Will Rising Oil Prices Hit Saudi Arabia's Petrochemical Margins?
Published on 05 Jul, 2016
The Kingdom of Saudi Arabia’s petrochemical sector could see a dip in their margins post 2Q if oil prices keep rising.
Prices of Brent crude rebounded to USD48.9/bbl in June from its lowest level of USD27.9/bbl in January. This is bad news for Saudi Arabia’s petrochemical sector, as rising oil prices have a cascading effect on the prices (and profitability) of downstream petrochemicals.
Naphtha Prices More Sensitive to Movements in Oil Prices
With most downstream products produced directly from crude or its immediate derivatives, oil is a major cost driver in the petrochemical industry. Naphtha — a key precursor for a number of downstream products — is particularly susceptible to fluctuations in oil prices. Japanese naphtha prices (a key indicator) are highly correlated with those of oil, as evident in the chart below. A correlation of 0.99 between 1Q FY10 and 2Q FY16 is indicative that naphtha prices closely follow movements in oil prices. On the other hand, the correlation between the prices of Brent crude and other petrochemicals were lower than that of naphtha and oil prices, an average of 0.77 during 1Q FY10–2Q FY16.
Oil Prices Could Hit USD47.0/bbl by the End of 2016
Based on the short-term energy outlook released by the U.S. Energy Information Administration (EIA) in June 2016, Brent oil prices are expected to average USD44.8/bbl in 2Q FY16. They’re expected to be higher than 1Q’s USD35.3/bbl, touch USD46.0/bbl over 3Q, and likely hit USD47.0/bbl by 4Q FY16E. This would spike naphtha prices faster than those of downstream petrochemicals, leading to a contraction in spreads.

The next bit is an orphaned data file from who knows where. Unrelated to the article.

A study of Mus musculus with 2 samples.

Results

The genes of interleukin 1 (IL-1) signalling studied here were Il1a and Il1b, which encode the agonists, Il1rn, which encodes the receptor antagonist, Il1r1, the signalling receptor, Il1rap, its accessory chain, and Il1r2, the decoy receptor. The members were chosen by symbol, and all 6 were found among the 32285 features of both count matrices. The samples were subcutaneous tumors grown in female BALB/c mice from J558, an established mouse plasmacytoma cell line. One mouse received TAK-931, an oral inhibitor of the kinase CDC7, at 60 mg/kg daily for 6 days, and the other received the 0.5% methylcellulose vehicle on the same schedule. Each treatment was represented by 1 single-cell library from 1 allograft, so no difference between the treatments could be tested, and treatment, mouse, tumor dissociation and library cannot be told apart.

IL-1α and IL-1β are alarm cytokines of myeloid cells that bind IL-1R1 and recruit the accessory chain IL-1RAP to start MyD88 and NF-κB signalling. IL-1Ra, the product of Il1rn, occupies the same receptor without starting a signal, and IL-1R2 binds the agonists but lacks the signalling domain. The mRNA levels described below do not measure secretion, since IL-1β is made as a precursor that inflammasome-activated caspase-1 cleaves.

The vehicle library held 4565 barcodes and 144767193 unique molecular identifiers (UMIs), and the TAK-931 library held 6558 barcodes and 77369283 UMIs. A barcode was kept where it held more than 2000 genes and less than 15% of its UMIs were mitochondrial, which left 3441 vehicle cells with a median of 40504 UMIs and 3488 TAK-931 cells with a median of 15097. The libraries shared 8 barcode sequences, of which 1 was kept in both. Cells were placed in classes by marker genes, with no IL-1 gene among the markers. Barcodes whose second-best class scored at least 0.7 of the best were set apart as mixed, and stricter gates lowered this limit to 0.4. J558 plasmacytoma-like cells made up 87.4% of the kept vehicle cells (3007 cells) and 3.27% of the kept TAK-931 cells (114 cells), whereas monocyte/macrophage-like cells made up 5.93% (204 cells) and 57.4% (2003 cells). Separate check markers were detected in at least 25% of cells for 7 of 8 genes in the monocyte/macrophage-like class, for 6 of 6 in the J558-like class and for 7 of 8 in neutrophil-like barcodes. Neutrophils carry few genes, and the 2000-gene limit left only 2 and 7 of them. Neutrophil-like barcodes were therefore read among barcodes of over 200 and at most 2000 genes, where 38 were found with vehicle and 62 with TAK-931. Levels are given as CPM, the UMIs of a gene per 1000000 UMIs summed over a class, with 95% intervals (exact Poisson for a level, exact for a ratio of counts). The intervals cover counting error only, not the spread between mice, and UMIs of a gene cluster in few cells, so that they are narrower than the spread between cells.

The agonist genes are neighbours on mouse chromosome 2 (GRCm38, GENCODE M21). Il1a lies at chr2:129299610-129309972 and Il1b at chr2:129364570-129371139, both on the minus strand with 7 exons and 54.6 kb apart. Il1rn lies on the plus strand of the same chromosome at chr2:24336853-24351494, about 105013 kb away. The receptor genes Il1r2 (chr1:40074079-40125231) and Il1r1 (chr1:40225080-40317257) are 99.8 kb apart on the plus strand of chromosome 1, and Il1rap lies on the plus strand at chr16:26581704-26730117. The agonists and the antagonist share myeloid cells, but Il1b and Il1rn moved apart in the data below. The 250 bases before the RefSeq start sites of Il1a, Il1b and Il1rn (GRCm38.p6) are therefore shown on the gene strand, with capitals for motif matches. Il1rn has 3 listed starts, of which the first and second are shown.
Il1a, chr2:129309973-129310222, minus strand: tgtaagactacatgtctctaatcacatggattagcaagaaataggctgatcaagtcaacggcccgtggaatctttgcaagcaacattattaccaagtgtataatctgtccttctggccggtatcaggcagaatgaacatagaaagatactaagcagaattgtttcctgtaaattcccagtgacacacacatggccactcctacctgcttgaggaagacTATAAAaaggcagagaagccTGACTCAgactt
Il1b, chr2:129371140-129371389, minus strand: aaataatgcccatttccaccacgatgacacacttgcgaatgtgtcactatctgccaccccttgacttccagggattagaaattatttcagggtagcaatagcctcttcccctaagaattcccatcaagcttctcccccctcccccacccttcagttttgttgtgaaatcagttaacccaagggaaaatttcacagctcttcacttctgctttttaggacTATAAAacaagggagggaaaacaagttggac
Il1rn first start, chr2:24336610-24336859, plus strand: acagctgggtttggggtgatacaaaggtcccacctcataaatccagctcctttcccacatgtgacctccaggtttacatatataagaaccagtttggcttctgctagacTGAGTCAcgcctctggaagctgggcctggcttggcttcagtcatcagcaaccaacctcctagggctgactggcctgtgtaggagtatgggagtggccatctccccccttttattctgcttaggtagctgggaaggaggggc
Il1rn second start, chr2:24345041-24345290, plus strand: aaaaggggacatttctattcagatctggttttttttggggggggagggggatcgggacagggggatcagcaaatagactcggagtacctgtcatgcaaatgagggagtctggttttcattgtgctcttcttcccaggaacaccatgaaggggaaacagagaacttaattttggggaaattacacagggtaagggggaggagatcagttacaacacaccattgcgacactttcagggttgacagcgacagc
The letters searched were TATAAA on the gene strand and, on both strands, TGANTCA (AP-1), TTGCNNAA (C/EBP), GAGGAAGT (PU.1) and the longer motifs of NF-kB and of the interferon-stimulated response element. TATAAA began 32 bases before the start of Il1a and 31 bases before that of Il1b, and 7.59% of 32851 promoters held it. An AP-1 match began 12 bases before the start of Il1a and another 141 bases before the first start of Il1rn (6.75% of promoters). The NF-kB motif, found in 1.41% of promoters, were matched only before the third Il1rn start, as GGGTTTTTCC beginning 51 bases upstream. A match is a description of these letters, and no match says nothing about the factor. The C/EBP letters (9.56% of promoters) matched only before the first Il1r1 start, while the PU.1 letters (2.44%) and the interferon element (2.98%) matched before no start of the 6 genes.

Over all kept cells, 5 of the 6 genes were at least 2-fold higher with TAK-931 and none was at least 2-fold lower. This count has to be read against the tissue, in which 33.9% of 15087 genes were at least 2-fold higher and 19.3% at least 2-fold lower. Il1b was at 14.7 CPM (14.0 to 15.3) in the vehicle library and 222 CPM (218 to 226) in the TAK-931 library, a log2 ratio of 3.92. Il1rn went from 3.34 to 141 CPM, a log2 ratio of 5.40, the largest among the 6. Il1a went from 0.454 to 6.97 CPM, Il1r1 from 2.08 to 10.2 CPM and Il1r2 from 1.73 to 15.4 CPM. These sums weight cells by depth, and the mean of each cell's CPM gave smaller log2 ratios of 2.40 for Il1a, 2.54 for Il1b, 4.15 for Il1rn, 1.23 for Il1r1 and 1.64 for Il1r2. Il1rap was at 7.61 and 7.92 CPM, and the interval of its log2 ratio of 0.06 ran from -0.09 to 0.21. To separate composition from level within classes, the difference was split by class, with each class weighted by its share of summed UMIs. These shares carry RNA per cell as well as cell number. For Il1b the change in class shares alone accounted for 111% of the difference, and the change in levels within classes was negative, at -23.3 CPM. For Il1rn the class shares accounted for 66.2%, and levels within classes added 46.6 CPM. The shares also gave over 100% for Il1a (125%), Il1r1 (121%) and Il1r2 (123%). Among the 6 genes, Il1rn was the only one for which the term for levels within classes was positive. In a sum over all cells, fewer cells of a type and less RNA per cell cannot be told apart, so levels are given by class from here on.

While most petrochemical prices have increased during 2Q FY16 as several producers recorded a healthy turnaround across most key regions, normalization in petrochemical supply would dent product prices in 2H16.
Petrochemical Margins Will Shrink Significantly Over 2016
Most petrochemical companies in Saudi Arabia use naphtha and natural gas (ethane) as feedstock for downstream products. There are fixed ethane supply contracts in place (at around USD0.75/mmbtu) for the near future, an effective buffer against contracting PE-naphtha spreads for now.
While gross margins would remain unfazed in the short term, most such contracts would get over during or after 4Q FY16. Thus, any drastic increase in oil prices would impact petrochemical margins in 2017. Moreover, a contraction in PP-naphtha spreads could dent the gross margins of petrochemical companies in Saudi Arabia.
Saudi Arabia’s petrochemical companies still have room to breathe, with the impact of rising oil prices deferred due to existing supply contracts. Nonetheless, profit margins are expected to shrink after 2Q FY16 or 3Q FY16 for a while, stumbling the sector’s Bull Run during the oil glut.